Dave Conole road tests and reviews the 2015 Hyundai Veloster.
The funky Hyundai Veloster continues to polarize opinions more than four years after it was first launched in Australia.
With a driver’s door longer than the passenger door, plus a rear door on the left hand side, the unusual styling can both attract and turn-off some sporty coupe buyers.
Hyundai recently handed me the keys to a 2015 model Hyundai Veloster SR with a turbo-charged engine under the bonnet and a seven speed dual clutch automatic transmission.
Priced from just $24,490, the more impressive turbo-charged Veloster is priced from $29,990 and offers a much more enthusiastic 150kW/265Nm, over the naturally aspirated versions 103kW/167Nm.
On the road the 2015 Hyundai Veloster gets along well enough with plenty of usable torque.
The new dual clutch auto though is a bit of a letdown. As compared to the manual Veloster, I thought the auto just managed to dull a bit of the performance and tends to be a bit jerky.
The transmission though does respond well when you manually manipulate the ratios via the Veloster’s paddle-shifters.
The Hyundai Veloster handles pretty well in the bends, though don’t expect luxury car-like ride, the 40 Series tyres fitted to the Veloster’s 18″ alloys manage to alert you to every road imperfection.
Expect to use about 8.5L/100kms of unleaded in your Veloster turbo, the official claimed combined figure is 7.1L/100km.
Inside the cabin, yes, the Veloster interior is starting to date. While still a pleasant enough design, and with nice touches such as blue leather seat inserts and push-button ignition, the overall feel is now just a little uninspiring.
One positive is the Hyundai infotainment system which is clean, simple and easy to use.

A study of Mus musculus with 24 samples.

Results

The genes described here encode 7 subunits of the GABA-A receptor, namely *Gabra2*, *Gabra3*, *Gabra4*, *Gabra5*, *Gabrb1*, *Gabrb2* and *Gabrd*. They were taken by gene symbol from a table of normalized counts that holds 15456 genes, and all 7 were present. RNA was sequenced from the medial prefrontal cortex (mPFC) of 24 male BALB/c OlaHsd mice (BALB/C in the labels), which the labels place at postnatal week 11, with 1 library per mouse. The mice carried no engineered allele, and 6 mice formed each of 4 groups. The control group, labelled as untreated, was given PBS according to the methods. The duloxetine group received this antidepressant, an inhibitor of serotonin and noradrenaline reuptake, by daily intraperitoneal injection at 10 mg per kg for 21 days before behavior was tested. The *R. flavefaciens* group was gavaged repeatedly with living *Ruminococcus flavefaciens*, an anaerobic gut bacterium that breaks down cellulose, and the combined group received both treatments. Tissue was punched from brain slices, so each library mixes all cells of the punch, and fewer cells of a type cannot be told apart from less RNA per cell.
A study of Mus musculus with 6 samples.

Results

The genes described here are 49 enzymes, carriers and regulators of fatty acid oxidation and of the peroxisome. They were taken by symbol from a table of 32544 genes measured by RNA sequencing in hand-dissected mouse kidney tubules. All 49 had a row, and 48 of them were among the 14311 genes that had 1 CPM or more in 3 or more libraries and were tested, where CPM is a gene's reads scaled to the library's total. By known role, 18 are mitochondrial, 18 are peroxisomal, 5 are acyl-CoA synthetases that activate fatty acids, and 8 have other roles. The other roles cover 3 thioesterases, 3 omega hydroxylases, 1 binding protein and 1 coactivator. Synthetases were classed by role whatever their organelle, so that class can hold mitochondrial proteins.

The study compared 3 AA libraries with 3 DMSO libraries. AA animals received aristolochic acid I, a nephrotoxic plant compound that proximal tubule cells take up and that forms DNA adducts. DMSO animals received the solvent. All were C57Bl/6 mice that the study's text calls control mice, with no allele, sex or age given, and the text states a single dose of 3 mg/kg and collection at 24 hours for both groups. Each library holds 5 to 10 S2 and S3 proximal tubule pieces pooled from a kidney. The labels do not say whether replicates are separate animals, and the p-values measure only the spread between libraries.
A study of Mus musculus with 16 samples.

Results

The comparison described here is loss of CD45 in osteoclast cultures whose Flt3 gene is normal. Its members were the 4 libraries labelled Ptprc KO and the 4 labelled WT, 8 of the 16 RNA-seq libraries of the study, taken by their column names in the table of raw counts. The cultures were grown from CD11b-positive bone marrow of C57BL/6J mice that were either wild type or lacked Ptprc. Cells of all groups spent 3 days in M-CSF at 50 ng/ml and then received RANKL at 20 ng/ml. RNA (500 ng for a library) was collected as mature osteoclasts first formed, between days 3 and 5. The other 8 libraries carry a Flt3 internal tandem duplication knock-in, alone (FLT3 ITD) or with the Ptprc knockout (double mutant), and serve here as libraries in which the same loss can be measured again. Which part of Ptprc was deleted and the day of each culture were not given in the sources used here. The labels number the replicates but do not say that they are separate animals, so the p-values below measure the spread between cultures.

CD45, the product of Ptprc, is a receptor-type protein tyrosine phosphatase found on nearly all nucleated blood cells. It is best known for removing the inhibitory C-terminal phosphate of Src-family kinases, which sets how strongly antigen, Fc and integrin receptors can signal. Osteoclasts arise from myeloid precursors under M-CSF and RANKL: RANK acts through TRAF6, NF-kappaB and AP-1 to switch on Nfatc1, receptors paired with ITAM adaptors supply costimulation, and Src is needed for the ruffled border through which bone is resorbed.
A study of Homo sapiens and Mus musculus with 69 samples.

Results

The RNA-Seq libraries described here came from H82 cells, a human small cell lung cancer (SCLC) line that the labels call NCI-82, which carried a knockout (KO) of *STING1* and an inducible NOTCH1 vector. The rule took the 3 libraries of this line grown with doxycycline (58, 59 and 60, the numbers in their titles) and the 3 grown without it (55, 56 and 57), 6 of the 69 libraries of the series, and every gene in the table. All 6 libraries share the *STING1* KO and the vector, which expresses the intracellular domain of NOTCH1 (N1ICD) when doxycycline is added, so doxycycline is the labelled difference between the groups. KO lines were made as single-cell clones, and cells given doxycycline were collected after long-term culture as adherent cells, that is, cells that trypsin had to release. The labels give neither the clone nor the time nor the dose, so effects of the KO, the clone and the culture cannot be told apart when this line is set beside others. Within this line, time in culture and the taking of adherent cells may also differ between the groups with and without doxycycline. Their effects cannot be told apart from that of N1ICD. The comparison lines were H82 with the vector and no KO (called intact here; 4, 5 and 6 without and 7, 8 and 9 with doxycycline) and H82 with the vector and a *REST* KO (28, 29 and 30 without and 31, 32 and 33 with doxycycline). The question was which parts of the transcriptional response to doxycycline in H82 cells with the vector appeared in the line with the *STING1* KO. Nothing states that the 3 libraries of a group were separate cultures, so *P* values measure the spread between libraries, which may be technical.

The Hyundai Veloster seats are comfortable and supportive and the driver’s seat gets a mix of manual and electric adjustment.
Legroom up front is pretty good and rear-seat occupants get a little more space than you might expect from a sporty two/three door coupe.
Safety isn’t an issue; all grades of Hyundai Veloster boast a full five-star safety rating.
Summing it up; there’s a lot to like about the Veloster, particularly the fuel economy, sporty feel and handling and head-turning styling.
The ride though is a letdown (even for a sporty model), I would much prefer the manual transmission over the DSG auto and the cabin is getting close to needing a refresh. A generous warranty and sharp pricing make the Veloster (particularly the turbo) well worth a test drive however.
NUTS and BOLTS – 2015 Hyundai Veloster
Engine: 1.6 litre petrol producing 103kW and 167Nm or 1.6 litre turbo-petrol producing 150kW and 265Nm
Transmission: Six-speed manual or seven-speed automatic
Safety: Five stars
Warranty: Five years
Origin: South Korea
Price: From $24,490
Dave Conole owns and writes the independent vehicle review and news website – A Wheel Thing.
With over 15 years of automotive journalism and reviewing experience, plus front line experience in vehicle sales, Dave is proud to be aligned with Behind the Wheel.